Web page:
Some Links

by Don Boudreaux on May 22, 2010

in Books, Civil Society, Current Affairs, Financial Markets, Monetary Policy, Politics, Regulation, Trade

My fellow cajun and GMU colleague – over in the law school – J.W. Verret was interviewed earlier this week by the Wall Street Journal on legislation that would impose fiduciary duties on broker-dealers toward their clients.  Here’s an excerpt:

DJ [Deal Journal]: How would this proposal change Wall Street?

Verret: It’s a ground-breaking already to require broker dealers to uphold a fiduciary duty. It’s doubly ground-breaking to criminalize the violation of those duties. Brokers have an obligation to get their clients the best price, like a real-estate agent. But fiduciary duty goes above and beyond. It puts all the risk on the broker.

DJ: What are the potential consequences of this proposal?

Verret: If you pay a financial adviser at Fidelity to nursemaid your investment you are going to pay a higher fee. But a sophisticated investor wants the freedom to hire a broker to make a trade. That freedom of choice is going to be hampered by this proposal. Broker-dealers are going to have to hedge and insure against the risks. There are huge transaction costs to making this criminal.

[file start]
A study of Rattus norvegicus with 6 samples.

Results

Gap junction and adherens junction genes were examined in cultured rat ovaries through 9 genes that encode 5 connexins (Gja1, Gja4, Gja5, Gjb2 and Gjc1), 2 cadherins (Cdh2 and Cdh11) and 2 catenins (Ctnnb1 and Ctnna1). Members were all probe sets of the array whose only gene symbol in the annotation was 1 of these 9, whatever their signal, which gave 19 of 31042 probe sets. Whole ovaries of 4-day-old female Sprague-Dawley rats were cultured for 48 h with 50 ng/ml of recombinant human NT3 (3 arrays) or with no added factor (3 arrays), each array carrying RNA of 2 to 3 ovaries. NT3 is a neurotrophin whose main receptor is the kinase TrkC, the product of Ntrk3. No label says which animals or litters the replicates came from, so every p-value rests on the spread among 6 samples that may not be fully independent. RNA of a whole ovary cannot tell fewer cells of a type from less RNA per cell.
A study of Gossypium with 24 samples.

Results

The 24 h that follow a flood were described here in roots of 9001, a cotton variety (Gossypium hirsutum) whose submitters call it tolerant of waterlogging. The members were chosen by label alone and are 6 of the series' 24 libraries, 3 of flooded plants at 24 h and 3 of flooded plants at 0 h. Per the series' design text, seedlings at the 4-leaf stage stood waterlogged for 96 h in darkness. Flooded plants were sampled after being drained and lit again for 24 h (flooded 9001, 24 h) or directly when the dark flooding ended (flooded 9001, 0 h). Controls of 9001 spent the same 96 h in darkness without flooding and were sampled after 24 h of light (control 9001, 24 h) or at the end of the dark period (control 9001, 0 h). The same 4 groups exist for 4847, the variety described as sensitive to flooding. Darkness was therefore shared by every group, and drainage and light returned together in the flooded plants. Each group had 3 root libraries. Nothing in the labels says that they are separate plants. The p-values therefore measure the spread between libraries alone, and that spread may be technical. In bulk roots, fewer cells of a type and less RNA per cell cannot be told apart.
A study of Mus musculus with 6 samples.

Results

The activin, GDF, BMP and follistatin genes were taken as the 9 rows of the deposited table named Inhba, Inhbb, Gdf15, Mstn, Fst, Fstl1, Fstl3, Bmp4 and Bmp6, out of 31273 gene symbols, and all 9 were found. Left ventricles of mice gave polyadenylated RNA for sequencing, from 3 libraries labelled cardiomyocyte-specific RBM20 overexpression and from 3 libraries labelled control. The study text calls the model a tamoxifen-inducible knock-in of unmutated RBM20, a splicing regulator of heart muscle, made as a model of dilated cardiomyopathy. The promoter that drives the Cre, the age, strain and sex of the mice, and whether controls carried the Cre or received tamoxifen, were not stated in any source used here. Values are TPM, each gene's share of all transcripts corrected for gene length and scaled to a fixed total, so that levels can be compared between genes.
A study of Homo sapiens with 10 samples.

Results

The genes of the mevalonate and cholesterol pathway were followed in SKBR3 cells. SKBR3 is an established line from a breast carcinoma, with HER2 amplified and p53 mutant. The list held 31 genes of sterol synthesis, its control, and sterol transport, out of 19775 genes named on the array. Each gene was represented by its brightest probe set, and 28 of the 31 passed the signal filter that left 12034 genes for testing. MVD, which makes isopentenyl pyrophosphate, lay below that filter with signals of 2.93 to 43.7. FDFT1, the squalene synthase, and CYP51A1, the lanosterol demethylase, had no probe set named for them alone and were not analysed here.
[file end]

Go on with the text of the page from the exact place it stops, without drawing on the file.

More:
DJ: What’s wrong if an investment bank has to spend more money?

Verret: I worry the cost of doing business will be passed along to investors. [The amendment's sponsor Sen. Arlene] Specter hasn’t hasn’t thought through how this amendment will change how markets function. [Specter] suffers from a fundamental misunderstanding of how markets function. This could freeze up markets in the middle of a slow recovery.

My former GMU student Alex Nowrasteh, writing at Forbes.com, outlines the likely dampening effect that Arizona’s new immigration statute will have on that state’s business climate.

I should have noted this happy event several months ago, but the third edition of Doug Irwin’s indispensable Free Trade Under Fire is now available.

Mary Anastasia O’Grady  – who never writes a word that isn’t worth reading – weighs in on Hombre Hugo Chavez’s destructive monetary policies.

John Stossel hopes that Rand Paul will continue to be a principled defender of individual freedom.

EconLog’s David Henderson also jumps into the Rand Paul brou-ha-ha.

Finally, Mike Munger asks an excellent question.